The Patriotic Alliance’s (PA’s) election posters have generated a lot of comments on Twitter because they are by far the most eye-catching of all parties’ in local government campaigns this year.
The Patriotic Alliance's election posters are really something. pic.twitter.com/ZyCKEYKaYn
— Nicole Lee Graham (@NicoleGraham031) July 25, 2016
Now, however, one particular photo appears to have the party embroiled in a pre-election battle with the DA that may ultimately see it disqualified from the August 3 elections or facing some other sanction.
— shamielah Dollie (@SdShamiela) July 25, 2016
The DA alleged on Twitter that the PA had postered over the DA’s posters. This may have been done to save money (those boards don’t come cheap), but, if true, it would not only be theft but an infringement of election laws that prohibit one party from tampering with the election promotion materials of any other party.
There have been other photos on social media, however, to suggest that if the PA were to be disqualified for this, then other, slightly larger parties would also have to be subjected to the same censure.
— VB. Giovanni (@bruna_giovanni) July 17, 2016
The trouble comes in proving that the PA was the political party concerned that is responsible for the “re-postering”.
The PA, for example, is now alleging that it is the DA itself that took the PA’s election posters and stuck them on to the DA’s boards in order to discredit the PA and perhaps even get them disqualified – its president, Gayton McKenzie, told The Citizen that it must have been the DA behind it as he had not been aware of anyone in his party stealing DA posters.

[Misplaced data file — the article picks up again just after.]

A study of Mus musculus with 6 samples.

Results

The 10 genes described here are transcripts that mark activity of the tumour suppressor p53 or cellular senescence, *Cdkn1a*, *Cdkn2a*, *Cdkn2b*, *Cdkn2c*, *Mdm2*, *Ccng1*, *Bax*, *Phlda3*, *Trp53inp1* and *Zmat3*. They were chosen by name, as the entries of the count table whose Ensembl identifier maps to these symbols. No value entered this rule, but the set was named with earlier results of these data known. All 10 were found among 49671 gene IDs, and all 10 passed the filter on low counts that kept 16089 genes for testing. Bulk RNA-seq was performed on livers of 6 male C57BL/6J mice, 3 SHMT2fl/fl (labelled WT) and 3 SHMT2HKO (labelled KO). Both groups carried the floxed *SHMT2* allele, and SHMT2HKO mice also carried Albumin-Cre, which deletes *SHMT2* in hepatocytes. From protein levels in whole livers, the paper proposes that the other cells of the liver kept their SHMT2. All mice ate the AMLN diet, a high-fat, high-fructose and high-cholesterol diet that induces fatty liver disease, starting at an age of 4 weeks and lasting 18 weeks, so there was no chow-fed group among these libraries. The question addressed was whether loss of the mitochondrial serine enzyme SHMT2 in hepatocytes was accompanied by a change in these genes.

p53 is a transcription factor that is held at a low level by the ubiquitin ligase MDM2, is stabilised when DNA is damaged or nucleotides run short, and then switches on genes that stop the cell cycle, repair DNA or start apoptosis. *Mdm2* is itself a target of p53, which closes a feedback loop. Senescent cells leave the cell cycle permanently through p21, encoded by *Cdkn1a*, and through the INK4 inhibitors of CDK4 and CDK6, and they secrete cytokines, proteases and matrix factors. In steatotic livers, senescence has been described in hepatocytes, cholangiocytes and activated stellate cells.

He denied that there could have been any plan to steal the DA’s materials and re-poster them.
He said he had also heard that the DA was taking the PA to the IEC, and that it was trying to get the party disqualified.
“They are scared of us. They know we are gaining traction and that we are going to hurt them at the polls. This is a sign of DA desperation.”
When The Citizen called the DA for comment, the party’s representative at the IEC Mike Moriarty confirmed that he was aware that, particularly in Eersterust, Tshwane, the PA had been “pasting posters illegally”.
He said it was an infringement of not only bylaws, but also of the Electoral Act. He wanted the “offensive posters” to be removed immediately, but it would be up to the IEC to decide on what ultimately needed to be done in terms of sanctions. He said it was the sort of matter that could end up in the Electoral Court.
“We want the PA to either comply with the law or be prosecuted to the fullest extent.”